I am new to the Fishkeeping hobby however am aware of how much effort and research goes into keeping and maintaining a happy and healthy tank hence I have tried to make sure I know as much about the fish I purchase their tank conditions so that I can provide the best life and care for them.
A few months ago I bought a pleco and some tetras and placed them into a quarantine tank before adding them to my main, display tank which houses one single betta. I added the tetras in I mistakenly caught them and netted them individually and placed them into the tank, to which the betta then chased them and they all died with 6-7 hours later, my guess is due to shock and/or stress. So with my pleco, which I saw as my prize possession, I made sure to acclimate it properly following the steps I read on a website. Temperature acclimating it and then ph acclimating it. However it also did not survive the night, moreover the betta showed no signs of aggression towards the pleco instead it would swim away whenever the pleco moved so I can’t see stress from the betta being a cause of death. Whilst the ph level of my display tank is between 6.5-7.0 (which I know is low for a pleco) the quarantine tank was at 6.5 when I moved the pleco and he had been living happily and showing no signs of distress or illness for months in that tank and the nitrate, nitrite and ammonia levels were all equal in both tanks (actually there had been an unusual and bizarre ammonia spike in my quarantine tank (despite showing positive nitrate readings) so if anything the display tank was healthier). So my question is, what could have caused my pleco to die as I believe my conditions would be hospitable for my pleco?
I realise that this is a long winded post however I wanted to reveal all information to help any responses have a clear idea and thus cause of my issue.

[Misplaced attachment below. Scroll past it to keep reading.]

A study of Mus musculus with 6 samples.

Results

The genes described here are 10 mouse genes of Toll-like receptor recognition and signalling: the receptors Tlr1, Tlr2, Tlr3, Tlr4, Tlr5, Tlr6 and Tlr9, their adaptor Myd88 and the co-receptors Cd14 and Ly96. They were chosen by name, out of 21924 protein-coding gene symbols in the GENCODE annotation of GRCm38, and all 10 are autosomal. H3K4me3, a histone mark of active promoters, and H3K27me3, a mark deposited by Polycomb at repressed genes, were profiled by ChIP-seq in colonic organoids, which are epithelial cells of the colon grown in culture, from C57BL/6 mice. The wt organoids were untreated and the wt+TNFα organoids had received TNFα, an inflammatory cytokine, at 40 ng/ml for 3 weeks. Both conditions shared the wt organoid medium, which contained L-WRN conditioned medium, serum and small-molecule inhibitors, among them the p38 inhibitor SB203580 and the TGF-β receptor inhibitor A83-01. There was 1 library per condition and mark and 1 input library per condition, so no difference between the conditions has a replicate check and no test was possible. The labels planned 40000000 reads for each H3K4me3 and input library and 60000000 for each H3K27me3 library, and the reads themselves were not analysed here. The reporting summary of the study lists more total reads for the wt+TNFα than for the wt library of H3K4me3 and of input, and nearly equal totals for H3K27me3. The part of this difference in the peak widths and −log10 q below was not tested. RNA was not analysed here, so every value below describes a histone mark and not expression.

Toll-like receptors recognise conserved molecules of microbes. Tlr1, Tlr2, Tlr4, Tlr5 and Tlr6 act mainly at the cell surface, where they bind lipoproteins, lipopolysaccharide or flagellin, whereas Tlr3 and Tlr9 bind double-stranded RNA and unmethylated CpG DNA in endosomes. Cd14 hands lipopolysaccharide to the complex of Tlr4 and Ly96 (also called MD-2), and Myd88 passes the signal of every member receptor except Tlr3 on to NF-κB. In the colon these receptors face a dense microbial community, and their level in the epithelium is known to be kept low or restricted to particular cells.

I hope someone can help me with my problem and get back to me soon so I can amend it and prevent it from happening again.
There's nothing wrong with the pH as all plecos are soft water fish. Can you post actual test results for ammonia, nitrite, and nitrate, please? Also what size is the tank? What species of pleco is it?
Yes, My ammonia readings were at 0.25ppm in the display tank, my nitrites were at 0ppm and nitrates at 5ppm. The quarantine tank had spiked to 4ppm! And whilst this number is high, this isn’t the first time my quarantine tank has had anomaly readings and they usually only last 24 hours before dropping back down to 0-0.5ppm, and the nitrites and nitrates were both 0 and 5ppm respectively.
My tank is a 64l tank and he was a king tiger pleco.
Thank you for your response and I hope this information helps!
Ammonia should always be at 0. Unfortunately, Hypancistrus species (which the King Tiger is) are very sensitive to ammonia and nitrite) and the spikes in both quarantine and display tanks are most likely why he died. Additionally, I don't know what temperature the tanks are running at, but it needs to be about 28C for a King Tiger.
My tanks run at 78F so they may have been slightly cold for him and I did predict the ammonia spike could have been the cause, however part of me believes that this wouldn’t have happened if he’d stayed in the quarantine tank as that had spiked on occasions before my tragedy. However as you said their species is sensitive so I’ll take your word for it and in the future I’ll make sure my tanks don’t have any increase in ammonia or nitrites before adding any fish.